DJ Kylie Lands on Cue
Her set is fed to the patio and escapes into the parking lot.
Listening from the outside, both the beats and power are muffled by the time they break through the unassuming corrugated exterior. Not until stepping inside Tulsa Eagle do you experience what DJ Kylie can really do.
Growing up near Keifer and Mounds, she would catch rides as a teenager to Tulsa for a record store on Cherry Street. As often as possible, she'd make her way there to look through the bins and use a turntable in the back.
“And they ended up hearing how terrible I was and asking, ‘Can we please just show you the basics?,’” DJ Kylie told ASLUT about the start.
Far beyond the basics, she has been spinning as a resident DJ every Saturday night at Tulsa Eagle since November.
Assumed regulars and those fresh out of the Red Ribbon Gala mix among her transitions on a Saturday night in April. The set time travels with nearly each transition.
Before graduating high school, she got her first gig as an opener for a show at the now Tulsa Theatre. Fueled by nerves and rum, she made it through only to fall coming off stage. DJ Kylie got up and has played thousands of sets since.
Yet the Tulsa Eagle residency has still been new territory.
“It's the only place that I’ve really played my own,” DJ Kylie explains to ASLUT. “I'm constantly just high, mashing songs together in my head. So I've played a bunch of them out there, and it's like, gone off. I've never been able to have that space to do that. It’s a testing ground. It’s pretty cool.”
House dropping into line with disco leaves the crowd free to move in any direction. Elegantly sliding back and forth through the decades, it’s clear why her relationship with Tulsa Eagle has been more than a one-night stand.
Her relationship with Tulsa is more than a fling too. She’s been DJing, living, and various side hustling in the 918 for years and years.
Aside from the lure of tour or land ownership, she doesn’t intend on leaving. And even those options are either temporary absences or within earshot of the greater Tulsa Metropolitan Area.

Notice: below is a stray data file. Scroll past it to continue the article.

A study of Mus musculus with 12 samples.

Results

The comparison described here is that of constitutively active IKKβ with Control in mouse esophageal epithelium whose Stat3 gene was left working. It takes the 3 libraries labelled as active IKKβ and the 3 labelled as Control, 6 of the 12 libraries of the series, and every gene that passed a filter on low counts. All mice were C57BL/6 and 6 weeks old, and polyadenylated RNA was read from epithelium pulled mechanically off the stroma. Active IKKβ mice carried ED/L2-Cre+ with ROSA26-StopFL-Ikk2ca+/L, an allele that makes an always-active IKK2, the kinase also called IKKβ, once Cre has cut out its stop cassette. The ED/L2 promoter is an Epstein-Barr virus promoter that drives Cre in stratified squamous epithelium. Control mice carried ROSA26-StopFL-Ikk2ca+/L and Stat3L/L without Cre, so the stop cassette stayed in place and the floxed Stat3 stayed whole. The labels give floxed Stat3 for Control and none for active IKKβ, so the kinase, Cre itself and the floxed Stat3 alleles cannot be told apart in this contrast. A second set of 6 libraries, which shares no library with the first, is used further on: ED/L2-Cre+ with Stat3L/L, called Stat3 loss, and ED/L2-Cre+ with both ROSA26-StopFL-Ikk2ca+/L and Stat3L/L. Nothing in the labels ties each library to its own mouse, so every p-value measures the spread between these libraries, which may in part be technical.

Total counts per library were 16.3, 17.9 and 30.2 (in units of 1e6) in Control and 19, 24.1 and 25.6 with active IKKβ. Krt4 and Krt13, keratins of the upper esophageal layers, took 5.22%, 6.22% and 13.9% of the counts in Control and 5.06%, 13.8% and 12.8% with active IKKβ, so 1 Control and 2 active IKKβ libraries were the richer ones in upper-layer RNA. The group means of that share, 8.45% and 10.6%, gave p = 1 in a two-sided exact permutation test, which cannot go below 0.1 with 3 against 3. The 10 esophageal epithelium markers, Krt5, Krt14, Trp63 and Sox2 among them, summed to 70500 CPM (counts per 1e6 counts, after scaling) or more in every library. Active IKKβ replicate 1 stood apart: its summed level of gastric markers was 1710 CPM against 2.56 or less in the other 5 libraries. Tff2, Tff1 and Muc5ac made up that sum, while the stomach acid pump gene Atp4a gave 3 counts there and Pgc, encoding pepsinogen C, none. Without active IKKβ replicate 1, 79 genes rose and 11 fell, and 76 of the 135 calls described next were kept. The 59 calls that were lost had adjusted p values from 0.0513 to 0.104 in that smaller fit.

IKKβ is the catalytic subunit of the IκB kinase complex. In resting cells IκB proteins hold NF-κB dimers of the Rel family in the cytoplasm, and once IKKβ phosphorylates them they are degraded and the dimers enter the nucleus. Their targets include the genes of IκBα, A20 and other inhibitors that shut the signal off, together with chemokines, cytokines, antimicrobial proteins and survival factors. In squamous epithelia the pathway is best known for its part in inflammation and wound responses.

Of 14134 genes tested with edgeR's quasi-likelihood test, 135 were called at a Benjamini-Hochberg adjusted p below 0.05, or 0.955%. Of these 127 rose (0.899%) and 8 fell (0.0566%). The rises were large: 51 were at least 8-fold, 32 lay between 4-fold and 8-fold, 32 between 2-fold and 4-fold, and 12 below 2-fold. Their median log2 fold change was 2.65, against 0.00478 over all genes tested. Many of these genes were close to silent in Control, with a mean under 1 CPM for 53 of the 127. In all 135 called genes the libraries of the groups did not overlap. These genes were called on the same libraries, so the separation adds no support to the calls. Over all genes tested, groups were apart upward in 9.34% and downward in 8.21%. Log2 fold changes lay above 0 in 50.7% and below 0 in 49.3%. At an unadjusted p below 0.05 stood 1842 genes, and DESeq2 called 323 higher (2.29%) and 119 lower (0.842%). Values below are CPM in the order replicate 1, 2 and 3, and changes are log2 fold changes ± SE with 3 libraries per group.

As local DJs are making themselves a loud layer of the current Tulsa Sound, DJ Kylie is not being left off the mix. She was included as part of the Tulsa roadshow at SXSW in Austin. Back here at home, she was the featured DJ at two of Studio 66’s spring events, Vu from the Top and ASLUT Bunny Ball.
“I need hot stuff” pounds as the clock is about to hit midnight. No one seems concerned about glass slippers. Most everyone on the dance floor is wearing comfortable enough shoes. Midnight strikes and the music heads back into a different century. Two hours before the doors close, there is no reason to be worried about Ubers becoming pumpkins.
“This is definitely my peoples,” she fondly tells ASLUT. “But it makes sense also, because I always went to the gay clubs, because that's where all the cool music was.”
The weekly ball celebrating “surviving the motherfucking week” ends no time soon.
She creates the space for the audience to express themselves however they want with whoever they want to. A space Oklahoma for all its geographic openness, doesn’t always naturally afford its residents.
It’s a space her grandma gave her in the first grade.
“I remember going to my grandma and telling her that I liked this girl in my class,” DJ Kylie recalls. “Her being, ‘Yeah, that's fine.’ Then she said some people don't agree with that, but that's okay. And she's always been super accepting.”
Nearly every square inch of pinewood the lightshow hits is being utilized for expression. Regardless if it is shoulder to shoulder during any given song, they are out on it.
“People never consider me for anything gay and it pisses me off,” DJ Kylie shares with ASLUT. “I feel like I get overlooked for a lot of gay things. I’m fucking gay. Can I do some gay shit?”
She has been doing fabulous with all opportunities of late, making it hard to look or dance away.
Beyoncé drops in within minutes of the morning to remind the crowd they are built for this.
“I definitely have hope because of the influx of all these cool young, gay and queer artists coming through here really doing some cool shit. So I'm definitely here to bear witness and make some music.”
DJ Kylie is built for this.
You can experience DJ Kylie almost every Saturday night at Tulsa Eagle, located at 1338 E 3rd St. Find her on Instagram at @djkylie918.